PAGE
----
Julius Caesar at the Richard Goad Theatre

Theatre review

From left: Drew James (Brutus) and Kevin McGrath (Julius Caesar) in Long Beach Shakespeare Company’s Julius Caesar

Photo by Jackie Teeple

Et tu, Brute? Very few last words better convey shocked disbelief and utter disappointment as these by the dying Caesar. Such is the depth of tragedy and loss in William Shakespeare’s Julius Caesar, continuing at the Richard Goad Theatre through June 17.
With superb direction by Helen Borgers and excellent acting, Long Beach Shakespeare Company (LBSC) presents this provocative and timely play in which Roman citizens are swayed like sheep by savvy politicians and even an innocent poet dies simply for having the wrong name.
Besides strong acting, authentic costuming (Dana Leach) and staging (headed by Tim Leach) effectively evoke the setting of ancient Rome. The set is designed (by Ericka Bailey) with a marble façade featuring classical columns and squared-off doorframes. Intricate lighting (Hyrum Judkins) evokes not only times of day but also differing moods, and the effect of Caesar’s ghost haunting Brutus is subtle. Swordfights and stabbings (there are plenty of both!), complete with bloody robes, are convincing.
Above all, two of the central players, Drew James as right-minded Brutus, and Jesse Seann Atkinson as the scheming Cassius, ground this production with their persuasive performances.
From the start, Cassius manipulates Brutus, along with a number of other senators, to plot against Caesar (Kevin McGrath), resentful of his ascent to power. Atkinson’s pacing is perfect as the overly proud, smarmy Cassius. (He had similarly played well the dark Angelo in LBSC’s recent production of Measure for Measure.)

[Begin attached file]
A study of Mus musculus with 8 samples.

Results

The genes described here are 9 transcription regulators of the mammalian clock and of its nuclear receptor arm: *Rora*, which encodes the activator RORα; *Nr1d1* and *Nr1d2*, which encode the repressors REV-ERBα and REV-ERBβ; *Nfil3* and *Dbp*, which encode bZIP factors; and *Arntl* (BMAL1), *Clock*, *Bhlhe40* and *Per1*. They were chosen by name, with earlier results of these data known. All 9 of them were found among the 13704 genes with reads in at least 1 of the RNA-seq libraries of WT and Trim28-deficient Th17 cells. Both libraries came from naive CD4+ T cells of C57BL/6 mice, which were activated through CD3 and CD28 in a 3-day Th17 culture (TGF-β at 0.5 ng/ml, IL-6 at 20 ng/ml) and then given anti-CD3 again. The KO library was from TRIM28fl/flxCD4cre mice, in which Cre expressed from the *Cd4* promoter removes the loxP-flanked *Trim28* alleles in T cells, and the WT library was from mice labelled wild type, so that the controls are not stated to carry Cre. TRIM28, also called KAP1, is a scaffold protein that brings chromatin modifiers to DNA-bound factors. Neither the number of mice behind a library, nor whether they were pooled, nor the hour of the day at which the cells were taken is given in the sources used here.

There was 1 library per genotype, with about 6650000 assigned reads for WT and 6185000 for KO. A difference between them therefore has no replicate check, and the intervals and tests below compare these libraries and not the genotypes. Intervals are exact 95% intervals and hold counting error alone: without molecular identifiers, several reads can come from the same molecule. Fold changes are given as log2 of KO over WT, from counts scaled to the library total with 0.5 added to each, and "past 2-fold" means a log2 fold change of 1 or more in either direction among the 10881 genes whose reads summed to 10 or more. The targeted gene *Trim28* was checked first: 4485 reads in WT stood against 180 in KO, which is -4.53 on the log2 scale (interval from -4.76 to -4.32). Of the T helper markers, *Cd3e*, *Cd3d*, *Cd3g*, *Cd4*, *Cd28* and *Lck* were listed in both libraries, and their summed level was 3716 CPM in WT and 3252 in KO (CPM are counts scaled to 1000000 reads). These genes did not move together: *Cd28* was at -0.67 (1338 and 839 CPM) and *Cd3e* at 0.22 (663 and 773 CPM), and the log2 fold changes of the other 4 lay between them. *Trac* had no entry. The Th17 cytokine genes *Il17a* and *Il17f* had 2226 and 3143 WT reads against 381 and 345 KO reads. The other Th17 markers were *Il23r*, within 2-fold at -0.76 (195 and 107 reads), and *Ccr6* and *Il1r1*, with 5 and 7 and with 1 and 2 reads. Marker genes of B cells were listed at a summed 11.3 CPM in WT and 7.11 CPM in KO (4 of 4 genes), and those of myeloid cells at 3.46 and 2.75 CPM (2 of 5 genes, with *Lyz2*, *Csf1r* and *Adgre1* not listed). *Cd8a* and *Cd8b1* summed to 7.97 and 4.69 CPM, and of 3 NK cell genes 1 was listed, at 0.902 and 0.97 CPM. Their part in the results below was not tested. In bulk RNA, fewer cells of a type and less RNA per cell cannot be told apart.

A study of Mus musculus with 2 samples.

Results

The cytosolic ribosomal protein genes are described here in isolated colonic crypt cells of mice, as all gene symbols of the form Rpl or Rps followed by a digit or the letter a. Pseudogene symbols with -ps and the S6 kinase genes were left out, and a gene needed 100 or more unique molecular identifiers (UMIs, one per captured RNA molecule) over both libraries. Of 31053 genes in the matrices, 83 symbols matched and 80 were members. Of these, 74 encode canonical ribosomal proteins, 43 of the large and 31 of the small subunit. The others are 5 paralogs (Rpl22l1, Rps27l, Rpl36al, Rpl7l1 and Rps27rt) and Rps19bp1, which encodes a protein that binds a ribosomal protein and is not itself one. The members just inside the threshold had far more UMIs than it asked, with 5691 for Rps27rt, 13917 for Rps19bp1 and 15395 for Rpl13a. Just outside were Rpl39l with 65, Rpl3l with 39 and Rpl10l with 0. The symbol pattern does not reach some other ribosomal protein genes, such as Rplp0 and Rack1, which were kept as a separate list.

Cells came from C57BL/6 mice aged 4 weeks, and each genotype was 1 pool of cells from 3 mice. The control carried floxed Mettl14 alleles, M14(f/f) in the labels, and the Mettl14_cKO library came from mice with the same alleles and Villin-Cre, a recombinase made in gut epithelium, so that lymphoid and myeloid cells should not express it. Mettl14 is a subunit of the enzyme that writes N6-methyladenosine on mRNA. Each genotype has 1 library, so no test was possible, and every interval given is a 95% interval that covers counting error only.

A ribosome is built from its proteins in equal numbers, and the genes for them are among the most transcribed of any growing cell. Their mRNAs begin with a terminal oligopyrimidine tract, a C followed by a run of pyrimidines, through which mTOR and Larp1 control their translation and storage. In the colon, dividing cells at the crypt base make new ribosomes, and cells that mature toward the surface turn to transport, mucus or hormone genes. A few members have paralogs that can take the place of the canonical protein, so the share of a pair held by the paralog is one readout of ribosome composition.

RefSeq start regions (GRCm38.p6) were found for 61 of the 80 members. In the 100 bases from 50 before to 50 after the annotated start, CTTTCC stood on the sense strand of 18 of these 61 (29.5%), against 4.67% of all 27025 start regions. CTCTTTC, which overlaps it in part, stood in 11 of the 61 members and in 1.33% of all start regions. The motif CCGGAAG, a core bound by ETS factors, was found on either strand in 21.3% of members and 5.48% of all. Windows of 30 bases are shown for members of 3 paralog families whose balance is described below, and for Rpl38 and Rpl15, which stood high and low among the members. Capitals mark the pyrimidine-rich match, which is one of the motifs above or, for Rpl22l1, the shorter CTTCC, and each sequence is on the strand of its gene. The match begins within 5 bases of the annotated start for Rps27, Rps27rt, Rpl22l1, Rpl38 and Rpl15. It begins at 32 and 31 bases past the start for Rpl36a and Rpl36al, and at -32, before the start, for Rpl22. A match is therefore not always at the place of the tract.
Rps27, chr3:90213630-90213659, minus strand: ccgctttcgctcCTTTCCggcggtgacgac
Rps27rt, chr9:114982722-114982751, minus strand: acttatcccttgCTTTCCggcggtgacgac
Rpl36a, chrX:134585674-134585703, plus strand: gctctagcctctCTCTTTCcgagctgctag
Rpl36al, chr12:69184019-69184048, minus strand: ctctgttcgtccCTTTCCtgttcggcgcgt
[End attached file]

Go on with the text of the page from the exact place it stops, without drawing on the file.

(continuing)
James plays Brutus with natural robustness, making believable his character’s desire to act in the best interest of the republic, even if he is conflicted by his ultimate betrayal of Caesar.
The other actors whose characters play pivotal parts in this plot are also unfaltering in their roles. LBSC veterans Sarah Hoeven as Caesar’s prophetic wife Calpurnia and Megan Lennon as the sardonic Casca bring professional acuity to their parts. Similarly, Alexandra Hensley as Brutus’s passionate wife Portia and Jess Paxton as strategizing senator Decius Brutus are thoroughly engaging in their roles.
The entire cast of 15 carry their characters with enthusiasm, many playing multiple parts, such as servants and soldiers, or forming the crowd of citizens who are so easily fooled.
We may be reminded of ourselves when we hear this crowd, first as they are seduced by Caesar’s false modesty before he accepts the crown, then as they are won over by Brutus’s honesty after Caesar’s slaying, and finally as the crowd is twisted toward vengeful violence by skilled orator Marc Anthony (Paul Kim). The people are thus portrayed as pawns of imperious senators who all seem to have gone to school together.
The first half of the play, in which the plot against Caesar escalates, coheres better than the second, when two factions war against each other in a power vacuum. Rather than senators operating together toward a common goal, the second half structure is more fractured to the point where every man decides for himself his own fate in the face of loss.
If we see ourselves somewhere in this tragic scheme, it may be because history often repeats itself, especially when power and pride are at stake. This production of Julius Caesar is thus not only great entertainment due to the laudable efforts of its energetic cast and crew, but its story may give us pause to evaluate our own roles as citizens in the political arena of here and now.

Julius Caesar continues at the Richard Goad Theatre, 4250 Atlantic Ave., through June 17, with shows Fridays and Saturday at 8pm (except June 2) and Sundays at 2pm. Tickets are $12.50 to $22.50. For tickets and information, call (562) 997-1494 or visit LBShakespeare.org.